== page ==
Masu salmon (Oncorhynchus masou) is also known as sema, sima, cherry salmon or cherry trout.

Much like Pacific Kokanee, which is a landlocked Coho, seema salmon also have a landlocked subspecies called Taiwanese salmon or Formosan salmon (Oncorhynchus masou formosanum) that exists in Taiwan.

While the Masu Salmon is not considered an endangered species, the Formosan Salmon is considered endangered. As you can see from the classification scale, the Formosan Salmon is at the far end of the threatened scale, and classified as critically threatened, one step before being classified as extinct.

When a species is considered extinct status EW, there are not considered to be enough members of the population to carry the species out of endangered status.

Masu Salmon Distribution

These salmon are a species that reside only on the Asian side of the Pacific ocean and even there, their distribution is rather limited. The Masu Salmon can be found in the rivers and streams of north and central Japan, the west coast of South and North Korea and the Coast of China including the Sea of Japan.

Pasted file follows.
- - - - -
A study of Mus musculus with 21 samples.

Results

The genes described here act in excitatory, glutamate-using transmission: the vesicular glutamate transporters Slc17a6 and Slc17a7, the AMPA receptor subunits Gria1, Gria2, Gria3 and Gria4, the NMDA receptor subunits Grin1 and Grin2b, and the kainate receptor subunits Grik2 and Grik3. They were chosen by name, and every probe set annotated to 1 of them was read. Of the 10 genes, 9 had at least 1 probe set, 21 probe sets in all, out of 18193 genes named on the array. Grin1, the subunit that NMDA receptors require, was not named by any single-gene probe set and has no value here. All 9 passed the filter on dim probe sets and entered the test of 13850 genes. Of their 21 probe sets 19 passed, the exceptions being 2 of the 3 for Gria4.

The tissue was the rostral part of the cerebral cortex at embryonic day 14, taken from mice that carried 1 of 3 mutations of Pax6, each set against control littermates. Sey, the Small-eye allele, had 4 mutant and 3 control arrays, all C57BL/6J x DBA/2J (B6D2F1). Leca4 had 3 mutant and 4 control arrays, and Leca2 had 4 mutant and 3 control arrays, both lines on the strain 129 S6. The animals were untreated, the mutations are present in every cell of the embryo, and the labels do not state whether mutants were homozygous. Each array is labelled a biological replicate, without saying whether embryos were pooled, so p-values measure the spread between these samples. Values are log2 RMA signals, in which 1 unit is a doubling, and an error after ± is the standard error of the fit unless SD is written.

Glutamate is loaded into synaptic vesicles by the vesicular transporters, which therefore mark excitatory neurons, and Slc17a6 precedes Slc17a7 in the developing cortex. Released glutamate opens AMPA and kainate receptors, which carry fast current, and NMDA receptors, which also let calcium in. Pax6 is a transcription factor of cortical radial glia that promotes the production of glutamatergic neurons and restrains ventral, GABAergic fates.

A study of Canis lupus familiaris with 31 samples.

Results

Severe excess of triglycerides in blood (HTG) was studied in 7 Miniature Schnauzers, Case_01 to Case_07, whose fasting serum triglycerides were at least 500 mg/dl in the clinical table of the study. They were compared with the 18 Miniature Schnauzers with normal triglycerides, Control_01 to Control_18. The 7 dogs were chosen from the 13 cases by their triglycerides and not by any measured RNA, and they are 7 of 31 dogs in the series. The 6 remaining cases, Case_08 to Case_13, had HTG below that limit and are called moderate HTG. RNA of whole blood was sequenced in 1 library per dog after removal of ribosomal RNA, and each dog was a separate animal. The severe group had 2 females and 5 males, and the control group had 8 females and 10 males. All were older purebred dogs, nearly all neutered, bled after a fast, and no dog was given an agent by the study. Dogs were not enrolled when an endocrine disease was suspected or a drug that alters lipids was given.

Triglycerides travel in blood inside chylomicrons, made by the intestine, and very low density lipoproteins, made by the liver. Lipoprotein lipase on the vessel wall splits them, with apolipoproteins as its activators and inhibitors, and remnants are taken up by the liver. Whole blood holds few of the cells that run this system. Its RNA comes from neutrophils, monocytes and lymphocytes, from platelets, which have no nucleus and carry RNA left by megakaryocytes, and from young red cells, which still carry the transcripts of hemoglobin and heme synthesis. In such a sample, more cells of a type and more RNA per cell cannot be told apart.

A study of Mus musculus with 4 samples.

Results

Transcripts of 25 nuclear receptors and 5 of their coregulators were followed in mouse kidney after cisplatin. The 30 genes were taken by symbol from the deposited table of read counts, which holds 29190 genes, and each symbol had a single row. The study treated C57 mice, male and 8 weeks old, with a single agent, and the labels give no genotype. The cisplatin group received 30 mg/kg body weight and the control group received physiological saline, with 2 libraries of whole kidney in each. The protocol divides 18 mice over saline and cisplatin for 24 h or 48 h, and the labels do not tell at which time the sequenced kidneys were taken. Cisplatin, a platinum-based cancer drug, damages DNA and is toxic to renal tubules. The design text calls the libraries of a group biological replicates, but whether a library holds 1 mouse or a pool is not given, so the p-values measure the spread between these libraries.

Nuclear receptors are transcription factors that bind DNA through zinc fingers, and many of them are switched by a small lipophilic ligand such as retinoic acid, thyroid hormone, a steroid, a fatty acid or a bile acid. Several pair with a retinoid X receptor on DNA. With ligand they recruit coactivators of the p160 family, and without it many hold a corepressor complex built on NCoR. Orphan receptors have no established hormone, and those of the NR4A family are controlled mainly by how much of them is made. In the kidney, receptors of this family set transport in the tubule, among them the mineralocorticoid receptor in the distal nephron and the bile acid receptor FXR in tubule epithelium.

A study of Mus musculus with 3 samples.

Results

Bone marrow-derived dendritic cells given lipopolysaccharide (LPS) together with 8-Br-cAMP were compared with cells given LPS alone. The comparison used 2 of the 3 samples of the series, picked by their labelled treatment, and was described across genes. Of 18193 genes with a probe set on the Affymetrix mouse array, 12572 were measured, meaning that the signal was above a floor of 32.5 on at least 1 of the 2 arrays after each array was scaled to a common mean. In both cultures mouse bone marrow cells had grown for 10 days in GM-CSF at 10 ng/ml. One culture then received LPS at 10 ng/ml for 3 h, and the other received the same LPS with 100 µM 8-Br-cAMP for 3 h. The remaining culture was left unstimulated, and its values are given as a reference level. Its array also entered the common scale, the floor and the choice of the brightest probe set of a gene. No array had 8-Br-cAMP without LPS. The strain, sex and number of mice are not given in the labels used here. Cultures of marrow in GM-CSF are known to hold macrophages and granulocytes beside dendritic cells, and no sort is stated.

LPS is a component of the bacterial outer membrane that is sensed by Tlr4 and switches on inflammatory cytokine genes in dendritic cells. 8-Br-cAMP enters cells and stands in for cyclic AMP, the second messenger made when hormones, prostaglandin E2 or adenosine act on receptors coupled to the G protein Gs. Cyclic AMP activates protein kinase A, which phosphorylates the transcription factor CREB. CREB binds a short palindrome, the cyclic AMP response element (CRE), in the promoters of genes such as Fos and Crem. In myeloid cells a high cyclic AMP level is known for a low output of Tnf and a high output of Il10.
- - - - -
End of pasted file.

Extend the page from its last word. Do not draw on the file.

Masu Salmon Habitat

Masu Salmon live in warmer water than other Pacific Salmon. Other Pacific Salmon do not like warm water, seeking out cold water around 53F. Another difference between the Masu Salmon and other Pacific Salmon is that it spawns in the spring and summer instead of in the fall like other Pacific Salmon.

The Masu Salmon can survive and does live in fresh water that is land locked. These fish are called Yamame and can survive multiple spawning cycles unlike the sea going Masu.

Fishing for Masu Salmon

The Masu Salmon is caught after by sport fisherman in Japan and south Asia. A successful commercial fish industry has also been built up around the Masu Salmon where the flesh of the Masu is very popular in Japan, a country that loves its fish.

Cherry Salmon Size

The average weight of a Masu Salmon is 2 to 3 kilograms/4.4 to 6.6 pounds. However, they can easily grow to, and have been caught up to, 19 pounds/8.5 kg.